Simone Biles Said She Takes Anxiety Medication & Goes To Therapy Following The Larry Nassar Trial


"I’m on anxiety medicine now because I had a lot of ups and downs throughout the year and trying to figure out what was wrong," Biles told Robin Roberts on Good Morning America. "I go to therapy pretty regularly."

"People do look up to me so if they can see Simone can be strong enough then hopefully I can too — and that's the message I wanted to give," she said on the segment.

Biles also told Good Morning America that she has felt "a bit broken" following a year where her abuser was in the spotlight, and described 2018 as the year she found her courage to speak out. "There were a lot of points in this year that made me who I am today and I feel stronger," she said. "I feel like this year gave me a voice and I tried to find my voice this year and use that to the better potential and positive manner."


Reporting sexual abuse can be a complicated decision for many survivors, and there are significant reasons why some decide not to report their assaults. Societal stigma can create a major barrier for many, Psychology Today notes. A survivor may lack the support and resources they need to come forward, or they might not know where to turn for help. Sexual assault survivors may also fear further stigma if they decide to come forward in a culture that may disbelieve, deny, or shame survivors. Many survivors may fear being retraumatized during the legal process, or otherwise prefer not to report: According to RAINN, of the sexual violence crimes not reported to police between 2005 and 2015, 20 percent of survivors said that they feared retaliation from their abuser, while 13 percent didn't believe that police would actually help them.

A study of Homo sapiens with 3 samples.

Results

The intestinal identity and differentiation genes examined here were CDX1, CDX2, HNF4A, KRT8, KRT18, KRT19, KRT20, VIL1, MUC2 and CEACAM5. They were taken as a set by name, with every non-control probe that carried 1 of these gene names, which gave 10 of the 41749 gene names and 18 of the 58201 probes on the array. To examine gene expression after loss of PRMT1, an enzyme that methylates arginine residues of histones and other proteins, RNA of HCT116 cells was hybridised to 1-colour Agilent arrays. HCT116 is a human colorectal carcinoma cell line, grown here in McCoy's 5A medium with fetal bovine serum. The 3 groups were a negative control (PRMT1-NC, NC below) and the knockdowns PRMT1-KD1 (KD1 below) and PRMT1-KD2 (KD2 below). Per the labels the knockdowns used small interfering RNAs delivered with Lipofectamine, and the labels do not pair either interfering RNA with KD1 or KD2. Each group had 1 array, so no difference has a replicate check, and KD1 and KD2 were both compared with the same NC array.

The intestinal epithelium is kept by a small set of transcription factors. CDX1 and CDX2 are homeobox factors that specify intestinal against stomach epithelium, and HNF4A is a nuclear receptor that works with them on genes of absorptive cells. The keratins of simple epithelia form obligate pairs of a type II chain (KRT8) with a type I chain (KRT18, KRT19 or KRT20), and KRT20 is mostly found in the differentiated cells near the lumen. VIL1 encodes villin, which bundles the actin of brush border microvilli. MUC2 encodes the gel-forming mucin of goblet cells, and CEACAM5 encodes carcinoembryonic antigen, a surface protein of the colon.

While the #MeToo movement has helped make reporting safer for survivors by directly challenging cultural silencing and stigmas, there’s still a long way to go. By overturning individual and cultural prejudices against abuse survivors, and creating a culture that is less toxic towards traumatized people, it might be possible for more survivors to report their abuse moving forward. In the meantime, survivors like Biles can help pave the way for more supportive cultural conversations about the ramifications of sexual abuse, and how to get help if you need it.

If you or someone you know has been sexually assaulted, call the National Sexual Assault Telephone Hotline at 800-656-HOPE (4673) or visit online.rainn.org.